Revolution and The Disappeared

- April 23, 2013

A scene from The Disappeared. (Provided photo)
A scene from The Disappeared. (Provided photo)

Other than an appreciation for the might of the natural world, you’d be forgiven for thinking that Revolution and The Disappeared don't have much in common.

But the films, currently playing in Halifax cinemas, each have a Dalhousie connection. Revolution, the second documentary feature from Sharkwater director Rob Stewart, prominently features Dal biologist Boris Worm, and The Disappeared is written and directed by Dal alumna and award-winning author Shandi Mitchell.

When everything gets stripped away


The idea for The Disappeared, Mitchell’s first feature film, came from a conversation with a 92-year-old fisherman, who told her of the one time he was truly afraid of the sea: when his ship had gone down and his crew desperately rowed back to shore.

Mitchell, a Theatre and English alum who won the 2010 Commonwealth Writers’ Prize for her debut novel Under This Unbroken Sky, spent her formative years in the Prairies — a world away from the ocean. She found the tale harrowing.

“It stuck with me, that idea of what it would be like out there, in that place I look at as a metaphor of somewhere between the living and the dead,” she says. “Who would you be out there, if everything was stripped away?”

The Disappeared recreates the scenario from that story, stranding six fishermen in two dories with no hope of rescue who make the daring decision to try for the shore. Starring Shawn Doyle (currently on CBS’s Vegas), who won best actor at the Canadian Film Festival for his performance, and Billy Campbell (The Rocketeer, Once and Again, The Killing), the film was shot on the open ocean off the coast of Lunenburg over three short weeks.

“Film is all about control, and being on the water is about giving up control, to some degree,” explains Mitchell. “You have to be very prepared, very safe, and you have to try to do all you can [to anticipate things]. But when you go out in the day, what I might have written on the page for weather conditions might not be at all what’s out there. You have to know the story so deeply to react to that.”

The film had a gala premiere at last fall’s Atlantic Film Festival, and after an 11-stop tour across Canada, it has made its way back to the East Coast for a proper theatrical release.

“It’s been so rewarding, really, and somewhat overwhelming at times,” Mitchell says of audiences' reaction to The Disappeared. “It’s a film that asks an audience to invest, to give themselves to it, to get into the boats. The responses are very emotional. It’s the most rewarding thing as a filmmaker or a storyteller of any kind when your work connects with people and they carry it with them, talking about it, thinking about it.”

Inspiring a new generation to action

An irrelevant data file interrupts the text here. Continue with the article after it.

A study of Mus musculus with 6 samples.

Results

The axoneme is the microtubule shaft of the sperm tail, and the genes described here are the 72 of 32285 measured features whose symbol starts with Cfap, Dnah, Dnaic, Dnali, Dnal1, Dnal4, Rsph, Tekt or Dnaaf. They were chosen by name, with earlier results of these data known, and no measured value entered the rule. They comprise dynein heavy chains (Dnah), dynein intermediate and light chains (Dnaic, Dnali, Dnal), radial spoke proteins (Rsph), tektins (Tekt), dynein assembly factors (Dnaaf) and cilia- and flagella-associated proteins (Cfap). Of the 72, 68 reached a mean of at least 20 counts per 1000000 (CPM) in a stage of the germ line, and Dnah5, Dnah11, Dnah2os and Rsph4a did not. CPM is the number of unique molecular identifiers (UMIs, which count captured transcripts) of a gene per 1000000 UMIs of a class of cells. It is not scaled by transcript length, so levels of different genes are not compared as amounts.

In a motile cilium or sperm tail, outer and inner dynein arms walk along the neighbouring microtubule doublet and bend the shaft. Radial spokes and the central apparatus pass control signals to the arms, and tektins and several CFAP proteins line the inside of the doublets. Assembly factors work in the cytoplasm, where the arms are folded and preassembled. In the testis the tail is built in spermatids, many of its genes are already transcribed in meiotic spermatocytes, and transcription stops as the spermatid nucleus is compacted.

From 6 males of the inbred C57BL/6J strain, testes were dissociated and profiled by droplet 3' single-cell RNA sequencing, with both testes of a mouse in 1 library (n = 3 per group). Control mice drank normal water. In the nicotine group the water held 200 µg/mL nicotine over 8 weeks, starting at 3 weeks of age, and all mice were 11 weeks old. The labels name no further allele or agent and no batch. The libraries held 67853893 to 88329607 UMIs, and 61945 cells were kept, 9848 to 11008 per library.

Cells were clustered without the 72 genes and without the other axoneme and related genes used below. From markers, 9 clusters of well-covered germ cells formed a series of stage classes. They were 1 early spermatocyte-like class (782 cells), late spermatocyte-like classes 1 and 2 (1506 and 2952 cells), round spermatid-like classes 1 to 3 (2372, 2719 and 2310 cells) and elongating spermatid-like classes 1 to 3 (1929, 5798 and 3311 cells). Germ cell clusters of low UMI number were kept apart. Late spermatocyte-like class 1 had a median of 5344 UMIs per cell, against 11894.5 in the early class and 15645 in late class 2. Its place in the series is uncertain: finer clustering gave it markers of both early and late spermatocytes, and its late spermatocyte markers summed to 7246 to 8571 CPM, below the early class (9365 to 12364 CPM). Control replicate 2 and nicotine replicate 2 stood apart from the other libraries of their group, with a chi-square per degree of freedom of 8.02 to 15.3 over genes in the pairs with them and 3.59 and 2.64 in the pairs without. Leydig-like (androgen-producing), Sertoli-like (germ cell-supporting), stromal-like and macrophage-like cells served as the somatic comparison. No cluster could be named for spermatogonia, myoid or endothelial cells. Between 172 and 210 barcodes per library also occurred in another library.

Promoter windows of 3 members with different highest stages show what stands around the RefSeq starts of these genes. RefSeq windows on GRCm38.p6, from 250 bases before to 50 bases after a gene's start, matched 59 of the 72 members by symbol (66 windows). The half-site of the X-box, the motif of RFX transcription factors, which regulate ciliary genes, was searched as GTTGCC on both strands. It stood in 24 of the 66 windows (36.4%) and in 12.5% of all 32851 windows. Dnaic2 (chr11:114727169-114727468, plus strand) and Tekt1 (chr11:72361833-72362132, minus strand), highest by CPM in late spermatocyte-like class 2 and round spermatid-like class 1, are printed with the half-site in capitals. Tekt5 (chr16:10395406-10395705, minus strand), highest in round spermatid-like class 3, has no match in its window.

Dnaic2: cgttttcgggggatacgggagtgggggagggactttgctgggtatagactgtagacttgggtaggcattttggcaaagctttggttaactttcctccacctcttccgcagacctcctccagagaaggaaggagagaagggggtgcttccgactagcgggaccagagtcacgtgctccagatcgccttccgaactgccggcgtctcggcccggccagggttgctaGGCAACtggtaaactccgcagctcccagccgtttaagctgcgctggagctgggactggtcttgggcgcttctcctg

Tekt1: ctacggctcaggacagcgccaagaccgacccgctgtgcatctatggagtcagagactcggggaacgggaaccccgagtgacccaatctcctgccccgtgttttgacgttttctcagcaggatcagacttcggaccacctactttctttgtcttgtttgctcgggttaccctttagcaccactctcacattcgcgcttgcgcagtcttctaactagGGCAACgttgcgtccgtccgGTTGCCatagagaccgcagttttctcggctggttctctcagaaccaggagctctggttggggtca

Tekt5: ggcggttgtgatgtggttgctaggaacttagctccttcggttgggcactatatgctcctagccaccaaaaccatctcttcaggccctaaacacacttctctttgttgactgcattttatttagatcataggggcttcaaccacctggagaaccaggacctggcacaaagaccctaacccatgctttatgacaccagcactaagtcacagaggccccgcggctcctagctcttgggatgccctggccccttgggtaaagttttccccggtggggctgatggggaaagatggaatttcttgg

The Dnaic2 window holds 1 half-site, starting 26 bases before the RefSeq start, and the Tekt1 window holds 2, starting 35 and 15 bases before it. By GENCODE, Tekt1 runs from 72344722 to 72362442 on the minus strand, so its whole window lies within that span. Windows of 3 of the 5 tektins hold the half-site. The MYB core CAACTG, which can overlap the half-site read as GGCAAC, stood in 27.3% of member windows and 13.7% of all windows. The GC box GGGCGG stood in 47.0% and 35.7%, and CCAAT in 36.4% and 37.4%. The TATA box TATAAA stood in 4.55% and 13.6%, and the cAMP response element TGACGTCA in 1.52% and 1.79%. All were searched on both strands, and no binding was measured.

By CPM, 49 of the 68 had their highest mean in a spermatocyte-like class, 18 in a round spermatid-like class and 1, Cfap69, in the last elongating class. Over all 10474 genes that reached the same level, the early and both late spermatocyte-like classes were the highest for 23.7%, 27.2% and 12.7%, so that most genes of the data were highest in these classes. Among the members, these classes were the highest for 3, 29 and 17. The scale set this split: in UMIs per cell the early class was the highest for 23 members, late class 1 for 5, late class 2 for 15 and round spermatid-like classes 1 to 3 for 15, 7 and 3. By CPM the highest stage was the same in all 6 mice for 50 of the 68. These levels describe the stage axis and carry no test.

Revolution, similarly, is a conversation starter in its own right.  And while Dr. Worm is in front of the camera, not behind it, he actually played a key part in the film’s genesis.

The movie opens with director Rob Stewart taking his acclaimed documentary Sharkwater, an expose of the shark fishing industry, to China. During a post-screening Q&A, a student asks him what the point of saving sharks is when the global seafood supply could collapse within 50 years — a reference to Dr. Worm’s famous 2006 article in Science.

Without a good answer to the question, Stewart starts his new film by speaking with Dr. Worm, who was also interviewed in Sharkwater, setting off a personal journey across 15 countries, exploring the implications of ecological collapse not just for the planet, but for humanity itself.

“We had a lengthy interview on a wide range of topics, from ocean conservation to the state of the planet and what everybody can do,” says Dr. Worm. “As with Sharkwater, this film was really a learning process for [Stewart] as well. He’s on a genuine journey of discovery, trying to get to the bottom of what’s wrong with the planet and what the role of young people will be in steering the planet in the right direction.”

Dr. Worm believes that Stewart’s personal touch is what makes both Sharkwater and Revolution so effective in connecting with a new generation of ecological citizens — the very students Dr. Worm sees in his classroom.

“What I tell my students is: ‘This world is literally in your hands. It’s not anyone else’s. It’s not so much the people before or after you; it’s you who will make or break this.’ I truly believe the next 20 to 50 years will be incredibly important in setting the trajectory that our environment will be on for many years — hundreds, maybe thousands.”

The Disappeared is currently playing in Halifax (Park Lane), Bridgewater and St. John’s (Avalon Mall). Revolution is now in theatres across Canada, including Halifax (Bayers Lake, Park Lane, Dartmouth Crossing).